A few state FOIA and local open government news items selected from many of interest that we might or might not have drawn attention to earlier in the week:
Grant could help with West Virginia's records storage problem
PARKERSBURG (Nov 2, 2012) – A grant application for $17,000 will be submitted to the West Virginia Records Management and Preservation Board of the West Virginia Archives and History Division seeking help with records storage issues. … The RMPB was created by the West Virginia Legislature in 2000 to develop a system of records management and preservation for county governments. Funding for the grants program comes from filing fees collected by county clerks and deposited in the special Public Records and Preservation Account.
Visit NewsandSentinel.com for the rest.
IN gubernatorial candidates weigh in on making government more accountable
(Nov 2, 2012) – In the race to become Indiana's next Governor, Democrat John Gregg and Republican Mike Pence say they'd like to make Indiana government more open and accountable. But they're offering few ideas on how they'd do it. … The Indiana Coalition For Open Government posted those answers from the candidates online this week.
Visit TristateHomepage.com for the rest.
Candidates for N.C. governor support prying open some government records
(Nov 2, 2012) – The main candidates for governor say they favor taking some steps to make state government more transparent, but both avoid sweeping promises about opening up many more records than are already public. In recent interviews, Lt. Gov. Walter Dalton and Pat McCrory were generally in agreement when asked about disclosing more state employee personnel records, improving campaign finance reporting, making public ethics complaints and releasing their daily calendars. Both expressed concern about protecting employees’ and office-holders’ privacy while acknowledging the need to balance the public’s interest in monitoring state government.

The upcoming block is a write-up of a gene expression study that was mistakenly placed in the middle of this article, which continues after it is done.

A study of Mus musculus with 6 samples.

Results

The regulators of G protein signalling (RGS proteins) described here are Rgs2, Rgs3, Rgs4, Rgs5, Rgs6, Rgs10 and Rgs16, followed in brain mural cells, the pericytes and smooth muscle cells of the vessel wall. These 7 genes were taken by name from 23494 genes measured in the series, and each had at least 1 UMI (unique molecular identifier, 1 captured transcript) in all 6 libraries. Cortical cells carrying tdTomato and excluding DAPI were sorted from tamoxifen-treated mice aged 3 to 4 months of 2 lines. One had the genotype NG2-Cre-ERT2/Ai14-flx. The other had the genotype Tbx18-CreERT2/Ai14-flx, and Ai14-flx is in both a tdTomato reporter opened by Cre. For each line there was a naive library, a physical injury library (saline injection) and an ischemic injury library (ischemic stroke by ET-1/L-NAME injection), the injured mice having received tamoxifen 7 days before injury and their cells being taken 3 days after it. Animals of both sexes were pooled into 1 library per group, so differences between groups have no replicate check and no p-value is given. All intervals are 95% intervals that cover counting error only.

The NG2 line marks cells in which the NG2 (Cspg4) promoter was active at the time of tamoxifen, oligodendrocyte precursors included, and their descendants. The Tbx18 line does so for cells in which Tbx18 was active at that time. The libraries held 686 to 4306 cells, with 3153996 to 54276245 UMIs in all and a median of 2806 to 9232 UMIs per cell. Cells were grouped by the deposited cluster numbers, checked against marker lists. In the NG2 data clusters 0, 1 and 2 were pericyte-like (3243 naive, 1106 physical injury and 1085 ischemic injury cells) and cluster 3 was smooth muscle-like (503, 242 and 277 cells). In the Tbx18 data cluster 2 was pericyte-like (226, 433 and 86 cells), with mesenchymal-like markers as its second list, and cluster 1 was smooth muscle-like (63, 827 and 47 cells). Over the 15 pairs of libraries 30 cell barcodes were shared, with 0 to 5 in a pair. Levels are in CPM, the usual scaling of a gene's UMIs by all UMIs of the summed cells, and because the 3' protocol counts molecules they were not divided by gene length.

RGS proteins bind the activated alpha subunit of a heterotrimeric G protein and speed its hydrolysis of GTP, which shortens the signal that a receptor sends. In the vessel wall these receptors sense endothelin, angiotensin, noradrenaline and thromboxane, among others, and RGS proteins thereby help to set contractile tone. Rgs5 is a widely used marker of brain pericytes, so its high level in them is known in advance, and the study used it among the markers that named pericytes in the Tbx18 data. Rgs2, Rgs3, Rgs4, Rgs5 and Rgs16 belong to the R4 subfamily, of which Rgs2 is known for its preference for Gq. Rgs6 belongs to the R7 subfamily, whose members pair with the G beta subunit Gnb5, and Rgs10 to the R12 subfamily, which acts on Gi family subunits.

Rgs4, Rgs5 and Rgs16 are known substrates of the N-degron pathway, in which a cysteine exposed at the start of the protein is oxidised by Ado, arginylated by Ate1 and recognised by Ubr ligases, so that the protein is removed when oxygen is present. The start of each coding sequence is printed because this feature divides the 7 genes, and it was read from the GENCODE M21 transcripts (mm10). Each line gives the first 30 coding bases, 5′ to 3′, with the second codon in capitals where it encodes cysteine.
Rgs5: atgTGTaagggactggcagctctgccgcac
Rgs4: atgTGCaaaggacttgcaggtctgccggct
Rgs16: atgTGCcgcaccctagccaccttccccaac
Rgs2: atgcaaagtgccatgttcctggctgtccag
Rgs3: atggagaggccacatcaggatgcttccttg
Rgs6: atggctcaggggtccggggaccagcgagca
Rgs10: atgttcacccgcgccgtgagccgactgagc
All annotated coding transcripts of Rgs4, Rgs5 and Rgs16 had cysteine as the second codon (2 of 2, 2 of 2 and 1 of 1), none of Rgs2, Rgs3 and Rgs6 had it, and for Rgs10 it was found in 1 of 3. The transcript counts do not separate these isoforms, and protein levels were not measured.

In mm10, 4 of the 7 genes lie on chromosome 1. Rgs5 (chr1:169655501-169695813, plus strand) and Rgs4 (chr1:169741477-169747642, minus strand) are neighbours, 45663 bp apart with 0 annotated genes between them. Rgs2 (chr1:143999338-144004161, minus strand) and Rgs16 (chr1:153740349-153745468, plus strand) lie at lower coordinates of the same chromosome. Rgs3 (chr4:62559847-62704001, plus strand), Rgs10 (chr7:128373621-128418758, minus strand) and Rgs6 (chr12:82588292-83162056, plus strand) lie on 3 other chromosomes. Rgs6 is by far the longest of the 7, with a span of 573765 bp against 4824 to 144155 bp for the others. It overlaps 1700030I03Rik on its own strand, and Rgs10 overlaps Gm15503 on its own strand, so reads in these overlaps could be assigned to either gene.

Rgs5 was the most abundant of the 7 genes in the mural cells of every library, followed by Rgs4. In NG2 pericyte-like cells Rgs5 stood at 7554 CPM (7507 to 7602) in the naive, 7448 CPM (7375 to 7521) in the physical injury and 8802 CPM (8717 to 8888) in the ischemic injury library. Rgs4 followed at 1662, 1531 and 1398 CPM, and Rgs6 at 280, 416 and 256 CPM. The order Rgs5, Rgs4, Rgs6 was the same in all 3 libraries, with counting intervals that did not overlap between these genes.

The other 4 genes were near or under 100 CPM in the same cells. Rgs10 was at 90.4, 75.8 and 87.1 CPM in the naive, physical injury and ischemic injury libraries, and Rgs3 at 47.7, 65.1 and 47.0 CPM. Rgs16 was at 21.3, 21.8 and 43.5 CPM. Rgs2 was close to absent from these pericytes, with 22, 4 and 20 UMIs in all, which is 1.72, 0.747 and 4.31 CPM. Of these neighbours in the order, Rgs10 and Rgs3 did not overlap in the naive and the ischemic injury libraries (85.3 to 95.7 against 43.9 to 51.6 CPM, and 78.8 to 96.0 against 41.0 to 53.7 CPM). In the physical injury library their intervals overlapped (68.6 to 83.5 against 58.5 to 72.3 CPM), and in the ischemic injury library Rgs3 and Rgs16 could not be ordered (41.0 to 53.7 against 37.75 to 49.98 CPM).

Visit Winston-Salem Journal for the rest.
Greenwood (S.C.) school district refuses FOI request
(Nov 2, 2012) – GREENWOOD — Greenwood School District 50 is refusing to turn over information about the resignation of a high school volleyball coach to a newspaper. The Index-Journal of Greenwood filed a Freedom of Information Act request for the personnel file and emails concerning the employment of Emerald volleyball coach Gina Sargent.
Visit GreenvilleOnline.com for the rest.
Sarasota advisory boards dogged by Florida's costly Sunshine Law missteps
(Nov 1, 2012) – Government-in-the-Sunshine Law and public record missteps have cost Sarasota about $100,000 in legal fees since this spring and local attorney Andrea Mogensen's firm has garnered the majority of the money. The firm doggedly monitors local government for missteps and last week filed a suit claiming Sarasota's advisory boards have a widespread problem: Members conducting public business through private email accounts, text messages and social media.
Visit Herald-Tribune for the rest.
Have you ever used Utah's GRAMA? I’d like to share your story
(Nov 1, 2012) – People usually think of open government laws such as Utah’s Government Records Access and Management Act (GRAMA) , as tools for journalists. … While journalists use the federal Freedom of Information Act (FOIA), GRAMA and the open meetings act to hold elected officials and government agencies accountable, the laws were meant for the general public. Anyone can use those laws to see how government works, and to call bureaucrats and elected officials out when it doesn’t.
Visit The Salt Lake Tribune for the rest.